Geographic Information System - GIS – is a system for entering, storing, processing, and visualization of geographic data. From the technical point of view GIS is a tool which allows the analysis of interrelated:
Objects represented by means of a map are:
An example of a multipoint in which each point is defined as belonging to one of 3 groups.
Object attributes are entered into the base in the form of:
numbers – e.g. area, temperature,
texts – e.g. names of objects.
Map projection is a mathematical method of mapping the surface of the Earth onto a map surface. There is a number of methods for such mapping. The mappings can be based on a spheroid or on the surface of a ball (a sphere), or on a part of either of them. Each mapping forms the basis for defining an appropriate coordinate system. Because each projection of a surface entails certain distortions (distortions of angles, areas, lengths), the choice of a proper system depends on the aim for which the map is to be used.
Coordinate systems used in cartography are classified as:
For a map to be loaded correctly, the program PQStat requires a vector map saved in a SHAPEFILE (shp) type of file and defined in a proper Cartesian coordinate system, with line scale.
The program tries to automatically detect maps with geographic coordinates. If, while importing the map, the program detects a geographic coordinate system, it suggests converting the coordinates into a UTM system (Universal Transverse Mercator), on the basis of the WGS-84 system of reference. As conversion might be incorrect (due to the use of many geographic coordinate system and the lack of certainty with regard to the applied system), it is recommended that properly prepared maps be used – in a Cartesian coordinate system.
A map with the attribute file assigned to the map can be loaded via:
Import of a Shapefile (SHP)
Import is made by choosing the menu option
SHP/SHX/DBF ESRI Shapefile (*.shp).
In the import window we can preview the imported map and its attributes saved in a DBF file. If the directory from which we import contains all files necessary for loading the map then the correct reading of appropriate files is confirmed in yellow by proper controls. Attributes ascribed to a shapefile, in the form of a DBF database, are not required for proper loading of a map. An attribute table can be completed after a map file has been loaded, by filling in proper cells of the datasheet linked with the map.
Workspace is limited for the purpose of indicating only those objects which will be subjected to the analysis. Such objects are indicated in the program by activating or deactivating them. Inactive objects are not subjected to statistical analyses.
Activate/Deactivatefrom the context menu on its name;
Activation/Deactivationavailable after selecting the
Activate/Deactivate (filter)…menu. A detailed description of the manners of selection of that type can be found in the User Manual - PQStat (Chapter: How to Reduce Data Sheet Workspace).
Activate/Deactivate in the selectionavailable after selecting the
Activate/Deactivate in the selectionmenu in the window of the Map manager.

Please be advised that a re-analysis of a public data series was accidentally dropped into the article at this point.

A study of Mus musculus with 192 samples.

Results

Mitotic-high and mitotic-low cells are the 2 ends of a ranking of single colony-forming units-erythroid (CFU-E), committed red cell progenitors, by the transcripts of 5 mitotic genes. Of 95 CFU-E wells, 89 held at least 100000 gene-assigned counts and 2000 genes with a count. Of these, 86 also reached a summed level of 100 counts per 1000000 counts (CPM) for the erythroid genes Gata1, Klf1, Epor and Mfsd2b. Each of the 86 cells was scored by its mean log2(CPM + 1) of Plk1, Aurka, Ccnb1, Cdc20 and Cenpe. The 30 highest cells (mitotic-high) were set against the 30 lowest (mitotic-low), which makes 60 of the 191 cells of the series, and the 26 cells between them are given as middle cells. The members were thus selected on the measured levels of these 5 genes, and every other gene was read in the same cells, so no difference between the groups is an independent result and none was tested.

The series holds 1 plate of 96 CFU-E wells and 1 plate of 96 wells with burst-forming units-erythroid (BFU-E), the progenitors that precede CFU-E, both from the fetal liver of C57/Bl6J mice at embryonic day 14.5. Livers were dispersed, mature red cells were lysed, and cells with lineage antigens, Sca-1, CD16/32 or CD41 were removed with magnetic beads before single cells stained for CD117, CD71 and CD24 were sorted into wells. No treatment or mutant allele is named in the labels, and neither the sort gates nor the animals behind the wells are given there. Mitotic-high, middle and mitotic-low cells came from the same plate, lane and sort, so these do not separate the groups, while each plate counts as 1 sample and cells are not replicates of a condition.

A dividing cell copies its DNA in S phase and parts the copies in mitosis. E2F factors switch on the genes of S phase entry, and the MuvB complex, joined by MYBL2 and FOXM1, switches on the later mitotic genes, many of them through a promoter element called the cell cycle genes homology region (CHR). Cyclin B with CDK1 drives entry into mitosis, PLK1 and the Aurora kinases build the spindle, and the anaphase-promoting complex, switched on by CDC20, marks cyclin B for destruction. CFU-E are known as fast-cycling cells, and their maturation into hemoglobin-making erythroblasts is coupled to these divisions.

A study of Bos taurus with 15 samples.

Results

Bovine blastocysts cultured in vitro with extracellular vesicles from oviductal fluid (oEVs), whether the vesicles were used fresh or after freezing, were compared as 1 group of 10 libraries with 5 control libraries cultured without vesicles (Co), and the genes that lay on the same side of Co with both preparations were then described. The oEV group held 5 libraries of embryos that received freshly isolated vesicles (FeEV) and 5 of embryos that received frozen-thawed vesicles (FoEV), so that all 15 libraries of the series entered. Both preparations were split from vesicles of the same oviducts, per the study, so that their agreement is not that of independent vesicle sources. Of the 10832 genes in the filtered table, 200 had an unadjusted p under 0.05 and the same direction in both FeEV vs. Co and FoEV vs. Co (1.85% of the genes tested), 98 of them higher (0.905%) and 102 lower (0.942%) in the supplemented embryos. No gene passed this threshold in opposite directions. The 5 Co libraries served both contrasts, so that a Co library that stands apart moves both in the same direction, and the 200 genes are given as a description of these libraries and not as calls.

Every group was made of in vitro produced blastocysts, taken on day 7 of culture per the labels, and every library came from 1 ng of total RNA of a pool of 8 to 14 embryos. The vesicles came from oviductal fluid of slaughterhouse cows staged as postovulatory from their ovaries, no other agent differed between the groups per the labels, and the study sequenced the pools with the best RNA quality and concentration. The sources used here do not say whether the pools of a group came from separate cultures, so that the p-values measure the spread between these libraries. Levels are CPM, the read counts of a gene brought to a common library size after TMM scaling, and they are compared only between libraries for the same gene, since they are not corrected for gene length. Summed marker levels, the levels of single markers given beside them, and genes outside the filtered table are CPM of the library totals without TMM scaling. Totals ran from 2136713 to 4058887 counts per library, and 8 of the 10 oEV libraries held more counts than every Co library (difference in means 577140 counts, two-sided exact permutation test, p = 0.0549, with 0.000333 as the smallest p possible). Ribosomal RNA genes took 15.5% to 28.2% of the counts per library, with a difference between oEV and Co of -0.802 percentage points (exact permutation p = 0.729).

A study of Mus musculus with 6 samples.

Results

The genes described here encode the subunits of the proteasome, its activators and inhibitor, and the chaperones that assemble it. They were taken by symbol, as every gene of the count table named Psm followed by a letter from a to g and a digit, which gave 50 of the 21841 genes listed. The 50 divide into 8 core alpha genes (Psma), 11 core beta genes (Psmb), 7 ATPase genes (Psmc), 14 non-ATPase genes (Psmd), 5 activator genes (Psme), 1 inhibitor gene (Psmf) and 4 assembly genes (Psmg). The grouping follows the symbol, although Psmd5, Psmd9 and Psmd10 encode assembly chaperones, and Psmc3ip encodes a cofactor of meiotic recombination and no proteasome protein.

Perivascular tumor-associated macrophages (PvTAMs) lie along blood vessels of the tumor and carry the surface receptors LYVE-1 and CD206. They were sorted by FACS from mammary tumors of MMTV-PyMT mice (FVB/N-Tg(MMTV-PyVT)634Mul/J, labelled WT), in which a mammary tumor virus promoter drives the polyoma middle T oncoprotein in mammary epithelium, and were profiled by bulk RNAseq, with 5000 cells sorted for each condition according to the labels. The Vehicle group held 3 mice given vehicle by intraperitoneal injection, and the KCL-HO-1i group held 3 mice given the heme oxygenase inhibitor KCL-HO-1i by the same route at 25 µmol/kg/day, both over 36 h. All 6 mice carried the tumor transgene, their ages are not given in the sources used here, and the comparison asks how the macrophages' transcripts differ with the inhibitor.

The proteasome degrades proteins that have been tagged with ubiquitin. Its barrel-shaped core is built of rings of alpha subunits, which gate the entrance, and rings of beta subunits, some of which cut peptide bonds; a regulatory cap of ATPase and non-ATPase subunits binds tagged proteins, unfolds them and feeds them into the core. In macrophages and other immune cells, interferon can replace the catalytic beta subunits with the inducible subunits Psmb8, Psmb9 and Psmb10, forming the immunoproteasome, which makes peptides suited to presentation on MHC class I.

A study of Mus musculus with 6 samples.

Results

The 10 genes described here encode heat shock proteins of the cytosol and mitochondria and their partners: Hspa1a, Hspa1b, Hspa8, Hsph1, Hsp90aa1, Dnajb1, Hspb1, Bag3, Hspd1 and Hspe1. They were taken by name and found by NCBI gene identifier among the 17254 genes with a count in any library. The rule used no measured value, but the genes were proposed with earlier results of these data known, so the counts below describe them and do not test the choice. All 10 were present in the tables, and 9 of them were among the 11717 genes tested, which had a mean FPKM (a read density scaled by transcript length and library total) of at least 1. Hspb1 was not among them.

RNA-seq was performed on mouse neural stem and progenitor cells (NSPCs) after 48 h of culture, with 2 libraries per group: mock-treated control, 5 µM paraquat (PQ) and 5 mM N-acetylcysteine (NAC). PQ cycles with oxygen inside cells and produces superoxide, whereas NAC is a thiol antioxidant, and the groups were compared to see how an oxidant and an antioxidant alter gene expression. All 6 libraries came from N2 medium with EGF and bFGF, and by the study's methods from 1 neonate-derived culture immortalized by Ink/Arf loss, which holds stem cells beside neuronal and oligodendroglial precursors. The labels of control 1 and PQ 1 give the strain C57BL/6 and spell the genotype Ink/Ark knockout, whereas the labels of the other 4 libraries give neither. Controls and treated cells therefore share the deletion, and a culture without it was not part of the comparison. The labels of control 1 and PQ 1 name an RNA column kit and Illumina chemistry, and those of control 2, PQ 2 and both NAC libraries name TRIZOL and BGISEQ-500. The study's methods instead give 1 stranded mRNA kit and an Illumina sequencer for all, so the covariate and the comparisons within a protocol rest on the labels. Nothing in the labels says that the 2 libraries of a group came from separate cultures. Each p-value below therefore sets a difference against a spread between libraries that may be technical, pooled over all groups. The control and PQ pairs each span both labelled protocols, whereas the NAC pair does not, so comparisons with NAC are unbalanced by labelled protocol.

In order to activate all objects one should select the
Activate all menu in the window of the Map manager or the
Activate all menu in the window of PQStat.
Geometric calculations are formulas (read the User Manual - PQStat (Chapter: Formulas)). The formulas can pertain data which describe map geometry and data visible in a datasheet.
Data for transformation are chosen from a shapefile (SHP)
meanCenter (poly) - gives center coordinates for polygons,
centroid (poly) - gives centroid coordinates for polygons,
area (poly) - gives polygon areas,
perimeter (poly) - gives polygon perimeters.
map (points) - gives a vector map presenting points together with assigned datasheet.
Verification of statistical hypotheses is checking certain assumptions formulated for parameters of a general population on the basis of results from a sample.
Formulation of hypotheses which will be verified with the help of statistical tests.
Each statistical test gives the general form of a null hypothesis – and of an alternative hypothesis – :
If we do not know if the distribution of the shops can be more regular than random distribution, or the other way round – more clustered than random distribution, then the alternative hypothesis should be two-sided, i.e. we do not presume a particular direction:
It may happen (in very rare cases) that we are certain that we know the direction in the alternative hypothesis. We can then utilize a one-sided alternative hypothesis.
To check which of the hypotheses, or , is more probable, we select a proper statistical test.
The program calculates the value of a test statistic and -value for that statistic (that is the part of the area under the curve which corresponds to the value of the test statistic). Value allows to choose which hypothesis, the null hypothesis or the alternative hypothesis, is more probable. The truth of the null hypothesis is always presumed and the proofs gathered in the data are to provide a sufficient number of arguments against that hypothesis:
Usually, significance level is chosen with the acceptance of the premise that in 5\% of situations the null hypothesis will be rejected being a true one. In special cases a different significance level, e.g. 0.01 or 0.001, can be set.